Jan 8, 2024

Role of Knowledge Sharing in Professional and Organizational Development

Ms. Ludmila Andrusceac, a senior economist at the National Bank of Moldova (NBM), offers valuable insights from her job shadowing experience with the CEF. Her journey, which involved contributing to conference discussions on green finance and participating in Training of Trainers sessions, highlights the crucial role of knowledge sharing in shaping both professional and personal development.

“The need of sharing knowledge is in the human essence, in our DNA, as a part of the evolution process. Similarly, an organization should follow this obvious principle of life to be effective and efficient. As all of us have the capacity to learn, so should the organization where we work be conducive to reflection and engagement. Aiming to create their own future, organizations are continually expanding their capacities, but this requires a fundamental shift in the mindset among all members of the organization. The NBM  has also started its transformation into a learning organization.

With this in mind, I started the job shadowing journey with the CEF, which has been meaningful for my professional and personal development. It has been like a route, where every small step and activity is linked to each other, helping me to improve my public speaking skills and boost my confidence. Every learning activity has been useful and applicable to my work and development.

First, I participated in the preparation of a discussion flow for the Conference on Green Finance. This process included attendance at the meetings with the Banking Regulation and Supervision (BRS) community where we addressed the green finance topic. The community members shared the steps made by their countries, and we discussed the plans envisaged by competent authorities. All these activities have helped me gain new insights into this topic, actual and crucial for all of us. At the same time, I experienced how to organize a conference. I had the opportunity to learn from the mastery of the CEF team by closely observing the process of organizing and facilitating a high-level conference.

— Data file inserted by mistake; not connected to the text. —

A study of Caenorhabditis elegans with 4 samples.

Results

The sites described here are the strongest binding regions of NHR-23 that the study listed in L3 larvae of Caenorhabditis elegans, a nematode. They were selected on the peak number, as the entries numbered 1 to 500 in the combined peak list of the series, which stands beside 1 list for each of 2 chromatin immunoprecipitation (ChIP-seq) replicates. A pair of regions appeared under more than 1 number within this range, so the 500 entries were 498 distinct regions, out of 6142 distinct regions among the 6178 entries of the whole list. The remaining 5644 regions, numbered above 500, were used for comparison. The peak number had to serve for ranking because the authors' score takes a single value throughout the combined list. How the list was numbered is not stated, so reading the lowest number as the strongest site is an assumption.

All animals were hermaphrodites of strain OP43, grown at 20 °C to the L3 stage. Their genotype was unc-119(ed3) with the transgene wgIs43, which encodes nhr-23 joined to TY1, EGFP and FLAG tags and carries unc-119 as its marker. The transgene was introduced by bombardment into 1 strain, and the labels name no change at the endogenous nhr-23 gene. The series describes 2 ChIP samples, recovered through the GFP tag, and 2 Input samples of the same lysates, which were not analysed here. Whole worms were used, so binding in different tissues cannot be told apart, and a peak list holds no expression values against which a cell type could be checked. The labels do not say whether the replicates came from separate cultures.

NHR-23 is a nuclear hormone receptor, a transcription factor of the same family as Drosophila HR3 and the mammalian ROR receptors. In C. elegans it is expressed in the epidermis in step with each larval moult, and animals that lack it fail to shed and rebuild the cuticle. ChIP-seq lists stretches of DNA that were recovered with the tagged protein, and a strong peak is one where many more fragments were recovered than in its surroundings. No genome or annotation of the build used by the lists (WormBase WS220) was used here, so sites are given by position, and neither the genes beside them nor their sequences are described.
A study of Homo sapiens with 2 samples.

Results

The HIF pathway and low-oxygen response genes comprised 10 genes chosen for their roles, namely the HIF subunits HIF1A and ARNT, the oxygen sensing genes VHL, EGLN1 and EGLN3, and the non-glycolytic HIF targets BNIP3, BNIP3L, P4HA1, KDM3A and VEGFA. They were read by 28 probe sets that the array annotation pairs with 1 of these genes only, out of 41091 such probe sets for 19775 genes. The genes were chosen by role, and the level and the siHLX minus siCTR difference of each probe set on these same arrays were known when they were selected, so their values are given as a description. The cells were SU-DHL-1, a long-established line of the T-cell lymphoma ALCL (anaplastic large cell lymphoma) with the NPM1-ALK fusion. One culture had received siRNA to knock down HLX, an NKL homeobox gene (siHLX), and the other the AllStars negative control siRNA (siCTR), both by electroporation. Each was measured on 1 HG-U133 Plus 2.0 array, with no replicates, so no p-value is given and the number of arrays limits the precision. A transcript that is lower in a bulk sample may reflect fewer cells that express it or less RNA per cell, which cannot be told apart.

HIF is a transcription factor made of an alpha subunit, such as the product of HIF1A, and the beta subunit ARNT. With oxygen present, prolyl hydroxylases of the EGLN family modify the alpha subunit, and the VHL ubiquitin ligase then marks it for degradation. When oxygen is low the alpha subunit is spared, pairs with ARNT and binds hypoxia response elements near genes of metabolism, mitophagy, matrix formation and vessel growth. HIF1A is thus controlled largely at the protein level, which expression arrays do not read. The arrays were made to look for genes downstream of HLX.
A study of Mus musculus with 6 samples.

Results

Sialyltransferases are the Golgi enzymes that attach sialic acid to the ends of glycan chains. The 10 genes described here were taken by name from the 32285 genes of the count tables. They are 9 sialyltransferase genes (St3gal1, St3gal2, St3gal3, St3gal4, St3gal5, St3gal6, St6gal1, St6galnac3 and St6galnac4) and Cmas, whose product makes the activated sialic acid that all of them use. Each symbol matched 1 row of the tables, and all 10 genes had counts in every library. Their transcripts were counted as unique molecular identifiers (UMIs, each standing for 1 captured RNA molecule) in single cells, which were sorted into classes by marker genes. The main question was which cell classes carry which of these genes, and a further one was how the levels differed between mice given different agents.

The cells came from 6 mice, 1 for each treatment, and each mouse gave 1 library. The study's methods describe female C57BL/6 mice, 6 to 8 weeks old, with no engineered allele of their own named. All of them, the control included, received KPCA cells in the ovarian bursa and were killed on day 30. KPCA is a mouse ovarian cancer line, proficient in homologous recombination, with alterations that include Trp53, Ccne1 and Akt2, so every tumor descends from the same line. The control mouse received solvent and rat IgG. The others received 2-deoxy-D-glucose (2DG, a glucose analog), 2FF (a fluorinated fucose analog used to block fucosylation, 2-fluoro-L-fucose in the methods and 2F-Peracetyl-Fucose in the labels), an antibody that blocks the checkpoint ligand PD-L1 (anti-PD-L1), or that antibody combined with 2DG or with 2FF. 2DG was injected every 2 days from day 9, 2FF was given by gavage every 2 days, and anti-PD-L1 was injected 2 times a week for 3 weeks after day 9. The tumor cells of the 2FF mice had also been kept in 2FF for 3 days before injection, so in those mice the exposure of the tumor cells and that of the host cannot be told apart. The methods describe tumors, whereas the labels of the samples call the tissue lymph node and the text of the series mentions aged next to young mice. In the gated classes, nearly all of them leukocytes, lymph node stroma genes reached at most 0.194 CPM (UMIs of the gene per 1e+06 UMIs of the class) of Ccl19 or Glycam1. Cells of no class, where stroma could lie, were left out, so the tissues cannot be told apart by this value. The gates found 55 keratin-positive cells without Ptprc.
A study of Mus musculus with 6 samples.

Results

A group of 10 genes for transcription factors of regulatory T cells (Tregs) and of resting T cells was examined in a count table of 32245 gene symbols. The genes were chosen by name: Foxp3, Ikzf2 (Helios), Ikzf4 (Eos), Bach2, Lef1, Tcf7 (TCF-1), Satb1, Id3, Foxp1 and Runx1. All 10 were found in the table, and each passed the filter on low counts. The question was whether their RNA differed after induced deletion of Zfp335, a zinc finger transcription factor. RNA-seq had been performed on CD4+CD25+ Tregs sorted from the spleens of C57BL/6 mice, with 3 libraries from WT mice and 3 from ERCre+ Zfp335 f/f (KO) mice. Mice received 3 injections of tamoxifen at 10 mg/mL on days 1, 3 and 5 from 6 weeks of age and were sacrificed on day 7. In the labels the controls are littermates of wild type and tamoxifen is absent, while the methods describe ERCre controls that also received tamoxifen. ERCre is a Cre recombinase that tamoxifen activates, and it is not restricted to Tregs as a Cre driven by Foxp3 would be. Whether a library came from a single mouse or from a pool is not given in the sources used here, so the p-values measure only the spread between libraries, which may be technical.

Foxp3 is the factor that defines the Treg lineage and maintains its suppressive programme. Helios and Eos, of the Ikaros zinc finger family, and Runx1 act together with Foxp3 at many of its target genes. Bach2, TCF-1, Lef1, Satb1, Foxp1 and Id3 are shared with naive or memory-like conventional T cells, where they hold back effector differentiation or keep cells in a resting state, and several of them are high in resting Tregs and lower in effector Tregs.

Another meaningful activity was participation in a Training of Trainers (ToT), a powerful tool for improving experts’ capacity for knowledge sharing. I understood how important it is to create a safe learning environment where people open up to share their experiences and thoughts. I gained a deeper understanding of the learning dynamics and the crucial role of a skillful facilitator. 

As adults, we learn best when we are fully involved in the learning activities, and have time to reflect and link the new information to our own experience. In this regard, engaging participants and giving value to their expertise is a valuable lesson learned. By formulating questions, using the verbs of Bloom’s Taxonomy, we can encourage group discussions and knowledge sharing. No less valuable is the art of giving feedback as a gift, shared masterly by the CEF team and practiced by all participants.

I have applied all the newly acquired knowledge at NBM’s internal knowledge sharing activities and also at the CEF events, for example, the workshop on the Review of Capital and Liquidity Adequacy Assessment Processes. Being with peers, face to face, sharing experience, and approaching challenges that are common for banking regulators and supervisors in the region, is a precious opportunity given by the CEF and appreciated by the community. 

Participating in a workshop, presenting, and being involved in the pre-event organization activities has been a precious experience that strengthened my confidence and consolidated my skills as a facilitator and expert. I now comprehend the importance of the facilitator, and also how important it is to be and have a partner on the stage. The event started with “know each other” exercises, which helped me to avoid stage fright, so I could focus on the event and facilitation elements (facilitator, participants, and objectives/agenda). During the event, I became aware of the usefulness of the reflection practice, which is a basic part of learning. This brings us closer to feedback, the lessons learnt, and the evaluation of participants’ reactions, ensuring a more effective learning experience that can be tailored to the participant’s needs.

During the job shadowing journey, I acknowledged the value and power of the CEF’s methodology of six building blocks for a learning organization. I was touched by the enthusiasm and inspiration of the CEF team in applying and sharing their knowledge and experience. The CEF’s aim to spread their wisdom in the region strongly supports other institutions in becoming learning organizations. Acknowledging what we do not know and what should be improved is fundamental for becoming a better version of ourselves, and this way contributing to the common growth and evolution of our organizations.

I am grateful to the CEF team for the opportunity and support to discover and shape the unknown and make it known.”